Over, Under and Through – A Fast Track into the Interior

In 1984, construction of the first phase of the Coquihalla Highway began. The highway would eventually provide drivers with a quicker route into the interior from Hope.The first phase, which was completed in time for Expo 86, was done in just 20 months. A project of this scale had never been done before in such a short time in North America.

This section of the highway was the longest stretch at 120 kilometres long. To finish on time, over 10,000 people were needed to fill all of the jobs. It was a team effort between the ministry, highway construction companies and engineering firms from around the province that brought everything together for the challenge.

Along with the second and third phases, which linked Merritt to Kamloops and to Peachland respectively, overall travel time was reduced, opening up the coastal communities to the interior of B.C. This year the highway celebrates its 25th anniversary. Since opening on May 16, 1986, more than 66 million vehicles and 9.6 million commercial vehicles hasve passed through the highways corridors.

Quick Facts from the Construction of the Coquihalla Highway:

  • More than 1,000 pieces of heavy equipment worked non-stop in the summer of 1985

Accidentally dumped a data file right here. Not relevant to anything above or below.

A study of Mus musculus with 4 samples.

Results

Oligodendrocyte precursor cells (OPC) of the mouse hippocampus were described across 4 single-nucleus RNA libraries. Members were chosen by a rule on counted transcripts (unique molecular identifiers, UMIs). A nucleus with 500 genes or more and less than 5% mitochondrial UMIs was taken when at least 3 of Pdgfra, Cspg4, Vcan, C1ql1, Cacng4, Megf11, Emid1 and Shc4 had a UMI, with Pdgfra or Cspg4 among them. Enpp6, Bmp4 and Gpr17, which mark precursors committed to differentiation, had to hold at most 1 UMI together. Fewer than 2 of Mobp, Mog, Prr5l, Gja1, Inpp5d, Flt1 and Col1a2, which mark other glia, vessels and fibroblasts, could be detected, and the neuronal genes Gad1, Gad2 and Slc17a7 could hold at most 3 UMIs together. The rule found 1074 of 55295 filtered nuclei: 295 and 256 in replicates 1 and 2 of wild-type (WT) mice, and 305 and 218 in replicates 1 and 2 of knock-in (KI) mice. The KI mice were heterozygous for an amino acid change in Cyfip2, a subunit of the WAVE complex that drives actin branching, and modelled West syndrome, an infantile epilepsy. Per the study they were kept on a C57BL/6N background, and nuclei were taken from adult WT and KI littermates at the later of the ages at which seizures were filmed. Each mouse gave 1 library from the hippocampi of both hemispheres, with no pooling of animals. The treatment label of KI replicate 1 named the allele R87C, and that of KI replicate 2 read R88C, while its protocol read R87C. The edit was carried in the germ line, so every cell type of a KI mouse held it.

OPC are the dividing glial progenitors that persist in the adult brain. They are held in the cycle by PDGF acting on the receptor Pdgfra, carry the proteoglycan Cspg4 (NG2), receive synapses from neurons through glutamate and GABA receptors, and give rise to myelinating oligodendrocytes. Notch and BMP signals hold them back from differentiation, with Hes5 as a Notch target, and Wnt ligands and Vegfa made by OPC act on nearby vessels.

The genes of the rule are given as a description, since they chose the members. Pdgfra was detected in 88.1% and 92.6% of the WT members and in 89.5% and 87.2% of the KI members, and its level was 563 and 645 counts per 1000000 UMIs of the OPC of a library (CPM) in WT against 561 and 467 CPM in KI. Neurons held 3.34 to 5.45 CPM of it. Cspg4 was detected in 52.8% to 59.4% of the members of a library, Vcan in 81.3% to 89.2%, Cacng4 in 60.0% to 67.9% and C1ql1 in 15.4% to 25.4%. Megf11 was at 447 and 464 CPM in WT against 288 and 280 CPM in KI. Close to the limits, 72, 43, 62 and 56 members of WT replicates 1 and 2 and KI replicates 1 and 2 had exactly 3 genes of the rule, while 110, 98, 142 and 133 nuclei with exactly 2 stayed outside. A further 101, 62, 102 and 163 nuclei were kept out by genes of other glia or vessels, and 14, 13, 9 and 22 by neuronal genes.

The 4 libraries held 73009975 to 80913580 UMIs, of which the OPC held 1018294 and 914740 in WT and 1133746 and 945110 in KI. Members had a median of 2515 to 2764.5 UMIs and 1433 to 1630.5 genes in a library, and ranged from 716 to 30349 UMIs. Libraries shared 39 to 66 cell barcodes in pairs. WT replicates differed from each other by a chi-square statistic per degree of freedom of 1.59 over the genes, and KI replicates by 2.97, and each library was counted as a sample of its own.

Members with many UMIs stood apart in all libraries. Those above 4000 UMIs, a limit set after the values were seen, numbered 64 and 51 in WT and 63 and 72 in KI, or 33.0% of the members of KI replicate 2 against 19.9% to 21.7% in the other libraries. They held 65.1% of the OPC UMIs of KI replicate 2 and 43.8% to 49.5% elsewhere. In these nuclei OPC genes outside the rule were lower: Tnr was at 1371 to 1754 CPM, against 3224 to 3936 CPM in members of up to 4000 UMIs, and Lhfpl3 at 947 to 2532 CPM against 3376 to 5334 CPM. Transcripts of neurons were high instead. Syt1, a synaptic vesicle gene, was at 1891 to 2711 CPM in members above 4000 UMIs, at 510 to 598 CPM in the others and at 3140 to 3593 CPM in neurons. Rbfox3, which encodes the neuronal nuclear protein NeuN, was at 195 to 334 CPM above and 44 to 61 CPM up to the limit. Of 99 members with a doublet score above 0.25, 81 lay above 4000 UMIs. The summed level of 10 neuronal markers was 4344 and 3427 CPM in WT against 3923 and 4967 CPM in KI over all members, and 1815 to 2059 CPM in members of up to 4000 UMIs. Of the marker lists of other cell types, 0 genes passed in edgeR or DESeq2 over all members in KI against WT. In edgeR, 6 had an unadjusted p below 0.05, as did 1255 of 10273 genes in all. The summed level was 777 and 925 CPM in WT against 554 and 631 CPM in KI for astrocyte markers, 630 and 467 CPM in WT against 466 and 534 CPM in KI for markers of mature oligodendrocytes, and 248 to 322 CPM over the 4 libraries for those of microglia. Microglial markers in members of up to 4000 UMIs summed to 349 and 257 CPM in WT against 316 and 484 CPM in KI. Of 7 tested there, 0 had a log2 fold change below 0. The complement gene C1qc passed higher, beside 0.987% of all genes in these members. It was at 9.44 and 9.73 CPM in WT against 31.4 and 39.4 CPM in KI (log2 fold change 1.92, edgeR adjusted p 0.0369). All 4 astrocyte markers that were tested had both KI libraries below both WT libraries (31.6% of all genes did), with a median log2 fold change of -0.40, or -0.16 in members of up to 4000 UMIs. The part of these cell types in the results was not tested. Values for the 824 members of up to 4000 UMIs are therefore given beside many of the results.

• In total, 18 highway interchanges, 38 bridge and overpass structures, 19 vehicle underpasses and 50 pipeline crossings were built along the route.
  • Millions of tonnes of combined gravel, concrete, asphalt and steel were used to build the road.
  • From top to bottom, crews experienced every single type of weather condition known to man. With a summit reaching 1,244 metres tall it wasn’t uncommon for it to be snowing at the summit and be sunny at the base.
  • At 300 metres long, crews built one of B.C.’s largest snowsheds to protect the highway from some of the province’s most active avalanche passes.


    • Good to hear that you enjoyed it Tanya, and glad to hear you will be back. DriveBC is another great tool to learn about current road conditions and events on BC highways.

  2. Hello there,

    I am doing a research project on the history of the coquihalla and methods of road control during the winter. Do you have any idea of more sources I can use in regards to the construction history of the coquihalla and current methods of snow and ice removal on the road?

    Thanks for your time,


    • Those stories are true! There used to be deck heating of the pavement in the Great Bear Snowshed, but it was decommissioned a number of years ago due to inconsistent operation and high costs. Essentially it was like in-floor heating that some people put under their bathroom tiles. Imagine heating a highway to melt ice. It was an innovative idea but impractical in the long term.

  3. I love the new show on the weather channel “Highway thru HELL” it is a great show, and I have become extremely interested in the coq. Is there any way I could get some info. on the highway, it’s history, etc. I am a retired trucker, several years ago I picked up Toyota parts in Canada, it is beautiful country. Many thanks for anything you could do for me. Robert F Byrd, 138 Walter ST, Wallins Creek, Kentucky 40873 United States.